Following the deadliest mass shooting in modern U.S. history, President Donald Trump on Monday offered his sympathy to the victims, but made no mention of America's pervasive gun violence either in his tweets or his prepared statement from the White House.
At least 58 were dead and hundreds more injured after Stephen Paddock, 64, began shooting at the thousands of attendees of the Route 91 Harvest Festival from the 32nd floor of a nearby hotel in Las Vegas. When police breached his room at the Mandalay Bay hotel, they said they found Paddock dead of an apparent self-inflicted wound. He had at least 10 guns, they added.
Some hours after his tweet Monday morning, Trump read prepared remarks from the White House, called the shooting "an act of pure evil" and commended first responders and local officials.
He also offered his prayers and announced that he plans to visit Las Vegas on Wednesday.
"Melania and I are praying for every American who has been hurt, wounded or lost the ones they loved so dearly in this terrible, terrible attack," he said. "We pray for the entire nation to find unity and peace, and we pray for the day when evil is banished, and the innocent are safe from hatred and from fear."
Not mentioned in statements from Trump and the White House: the issue of guns.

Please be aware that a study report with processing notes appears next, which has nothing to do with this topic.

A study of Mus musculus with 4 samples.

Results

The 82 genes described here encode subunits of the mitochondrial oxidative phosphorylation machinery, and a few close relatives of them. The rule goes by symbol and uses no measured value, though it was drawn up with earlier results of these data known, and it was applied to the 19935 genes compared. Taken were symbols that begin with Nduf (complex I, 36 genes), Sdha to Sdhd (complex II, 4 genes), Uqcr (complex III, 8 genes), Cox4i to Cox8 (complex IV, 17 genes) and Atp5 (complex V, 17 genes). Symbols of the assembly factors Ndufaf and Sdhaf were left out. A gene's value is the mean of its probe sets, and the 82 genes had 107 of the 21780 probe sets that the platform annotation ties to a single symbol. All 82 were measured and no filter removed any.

When asked at Monday's White House press briefing whether Trump would consider gun reforms in response to the shooting, press secretary Sarah Huckabee Sanders said it was not appropriate to discuss the matter.
"There's a time and place for a political debate, but now is the time to unite as a country," Sanders said, before offering her "thoughts and prayers."
She also said it was "premature to discuss policy when we don't know all of the facts."
There's a time and place for a political debate, but now is the time to unite as a country.Sarah Huckabee Sanders
Yet in the past, Trump has speculated on the motives for violence before any official information was confirmed. He decried the explosion at a London tube station last month as the work of a "loser terrorist" and used the attack to promote his own travel ban on Muslim-majority countries.
At other times, the president has been conspicuously silent in the face of atrocity. He condemned "many sides" in the Charlottesville, Virginia, white supremacist rally in August that killed a counter-protester. Two days later, he denounced racism. But in the days that followed, he returned to blaming the white supremacists and counter-protesters equally for the violence.
At Monday's press briefing, Sanders repeatedly dodged questions on why Trump had previously weighed in on gun violence without knowing all of the facts ― like in 2016, when he hastily responded to the mass shooting at the Pulse nightclub in Orlando, Florida, by promoting his then-only-proposed travel ban.
Sanders argued the situation was different because Trump was merely a presidential candidate at the time.
"There is a difference between being a candidate and being a president," she said.
CORRECTION: An earlier version of this story wrongly reported that Trump didn't immediately respond to the Charlottesville violence.
This story has been updated with Trump's remarks Monday morning and Sanders' remarks Monday afternoon.